The role of mass media in 1984 parallels the role of mass destruction. Each are used in a kind of double movement: the state-controlled media uses open lies (Doublespeak) through a ubiquitous medium (the telescreens) to both unify the masses in ignorance (through misinformation) and isolate and trap individual threats (namely writers). Writing and books are banned. Critics have said that Orwell's greatest fear was the destruction of books and, therefore, the destruction of history. In a broader sense, I think he feared the destruction of the Print Era at the hands of electronic media, of what would become the Analog/AV Era.
The following quotes illustrate Orwell's fears:
- “He who controls the past controls the future. He who controls the present controls the past.”
- “If you want a picture of the future, imagine a boot stamping on a human face—for ever.”
- “War is peace. Freedom is slavery. Ignorance is strength.”
- “Big Brother is Watching You.”
- “Doublethink means the power of holding two contradictory beliefs in one’s mind simultaneously, and accepting both of them.”
Orwell goes on to write:
We are the priests of power. God is power. But at present power is only a word so far as you are concerned. It is time for you to gather some idea of what power means. The first thing you must realize is that power is collective. The individual only has power in so far as he ceases to be an individual. You know the Party slogan: "Freedom is Slavery". Has it ever occurred to you that it is reversible? Slavery is freedom. Alone — free — the human being is always defeated. It must be so, because every human being is doomed to die, which is the greatest of all failures. But if he can make complete, utter submission, if he can escape from his identity, if he can merge himself in the Party so that he is the Party, then he is all-powerful and immortal.
All of Orwell's fears were later reflected in the work of Marshall McLuhan, who in the 1960s, said that "the medium is the message" or (massage, Mass Age). In other words, both McLuhan and Orwell agree that the message of the medium is not as important as the medium itself. It doesn't matter what the Inner Party or Outer Party says. It doesn't matter what Fox News or MSNBC say. It doesn't matter what the Republicans or Democrats say. It doesn't matter what the far right or the far left say. With the death of the Print Era, the word is no longer important. Collectivism trumps individualism. The medium replaces the single author. What matters, and what obfuscates the notion of truth or reality or objectivism, is that the medium (the TV, newspaper, film, or political pamphlet) wields power. This collective, authorless medium becomes the "Priest of power," "the Party," the "collective" power, and the antithesis and enemy of the individual.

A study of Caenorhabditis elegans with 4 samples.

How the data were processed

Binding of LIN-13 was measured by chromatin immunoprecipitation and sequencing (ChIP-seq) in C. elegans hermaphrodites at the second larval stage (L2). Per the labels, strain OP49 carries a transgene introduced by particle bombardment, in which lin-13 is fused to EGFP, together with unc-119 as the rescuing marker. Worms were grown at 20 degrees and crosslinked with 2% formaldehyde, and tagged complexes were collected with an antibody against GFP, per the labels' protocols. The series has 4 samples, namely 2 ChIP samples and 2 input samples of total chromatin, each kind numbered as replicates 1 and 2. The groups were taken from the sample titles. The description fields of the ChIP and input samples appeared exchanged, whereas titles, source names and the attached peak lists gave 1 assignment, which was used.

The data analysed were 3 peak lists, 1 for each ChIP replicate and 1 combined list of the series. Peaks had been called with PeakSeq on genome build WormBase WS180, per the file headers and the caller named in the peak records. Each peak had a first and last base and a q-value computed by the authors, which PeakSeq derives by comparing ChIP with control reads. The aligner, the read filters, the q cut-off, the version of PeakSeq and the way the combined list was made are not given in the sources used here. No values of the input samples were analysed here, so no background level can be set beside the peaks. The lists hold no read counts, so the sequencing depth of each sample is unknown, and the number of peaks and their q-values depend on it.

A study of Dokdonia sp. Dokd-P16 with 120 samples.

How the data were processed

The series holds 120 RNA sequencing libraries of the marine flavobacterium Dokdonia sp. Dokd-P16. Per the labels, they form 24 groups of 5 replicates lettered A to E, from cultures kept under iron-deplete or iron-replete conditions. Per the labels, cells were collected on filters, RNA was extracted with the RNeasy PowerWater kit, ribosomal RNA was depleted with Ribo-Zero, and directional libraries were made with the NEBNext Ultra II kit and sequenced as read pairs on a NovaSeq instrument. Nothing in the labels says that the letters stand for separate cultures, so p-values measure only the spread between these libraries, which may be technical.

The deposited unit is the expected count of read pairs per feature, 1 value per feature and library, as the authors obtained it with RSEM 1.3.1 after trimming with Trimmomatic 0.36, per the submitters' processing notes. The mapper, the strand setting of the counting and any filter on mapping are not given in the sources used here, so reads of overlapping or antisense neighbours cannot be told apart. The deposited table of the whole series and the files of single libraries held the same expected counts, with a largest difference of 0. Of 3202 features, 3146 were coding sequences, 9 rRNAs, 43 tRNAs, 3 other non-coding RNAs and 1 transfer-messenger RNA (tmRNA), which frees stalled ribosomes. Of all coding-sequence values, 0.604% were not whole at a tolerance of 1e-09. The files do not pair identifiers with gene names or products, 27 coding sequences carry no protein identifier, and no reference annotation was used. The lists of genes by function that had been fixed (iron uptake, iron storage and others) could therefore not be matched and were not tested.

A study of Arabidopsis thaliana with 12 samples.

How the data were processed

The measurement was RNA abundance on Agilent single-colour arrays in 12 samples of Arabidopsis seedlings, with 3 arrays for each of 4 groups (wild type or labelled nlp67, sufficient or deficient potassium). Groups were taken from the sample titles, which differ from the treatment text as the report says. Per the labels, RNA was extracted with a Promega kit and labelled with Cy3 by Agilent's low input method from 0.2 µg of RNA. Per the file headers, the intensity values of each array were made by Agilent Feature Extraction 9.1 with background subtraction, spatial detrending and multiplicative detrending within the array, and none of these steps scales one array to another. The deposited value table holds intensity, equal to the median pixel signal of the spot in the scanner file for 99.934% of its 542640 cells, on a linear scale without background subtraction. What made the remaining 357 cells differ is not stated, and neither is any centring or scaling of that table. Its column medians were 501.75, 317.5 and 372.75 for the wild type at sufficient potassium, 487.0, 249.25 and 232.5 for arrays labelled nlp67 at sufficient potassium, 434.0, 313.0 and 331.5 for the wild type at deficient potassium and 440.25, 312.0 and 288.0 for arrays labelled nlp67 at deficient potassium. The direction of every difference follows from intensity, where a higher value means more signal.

Here are some more ideas connected to this shift from single-author media to mass electronic media:
The Print era (printing press - photography): remediates the previous era of oral/aural communication. Bloom's "Aristocratic Age." Books, newspapers, pamphlets ("Cool Media"), the novel, essay, short poems; exists in the private sphere (reader)-literate; it is one-way communication; static, fixed (no movement); logical, mosaic (if not linear); vertically accumulated (top); focus on past, tradition; hierarchical: church, state; print caused explosion (societies fragmented); the public had separate, fixed points of view
Analog A/V era (photography - computer): subverts the print era; Bloom's "Democratic Age"; Realism, Modernism; Photography ("Hot"), Film ("Hot"), TV ("Cool"); the Sit-com; appeal to Visual Learners; Public (TV, film); One-way communication; Time-based movement (Film); TV/Film (linear); Impression; Laterally Accumulated (time); Focus on Present; Hierarchical: Editors, Studios; Electric Media caused implosion (globe unified)
So, Orwell, writing in the Print Era, presaged the explosion of the Analog A/V Era (particularly the home-based medium of the TV that would always be turned on). He saw this explosion as a danger to the individual and the pinnacle of the individual's crowning artistic achievement, the book. Though Orwell wrote about this destruction through the lens of a state-controlled media and torture police, it is clear that the message of the state or the means of the police were less important than to the power afforded them through the media (hence, "the medium is the message" of McLuhan). As we've found out in the current Digital Social Media Era that both Orwell and McLuhan's fears have manifested, but instead of state-controlled tyranny, we snoop and torture and bully each other. We are Big Brother and victims of Big Brother. And no one really reads books.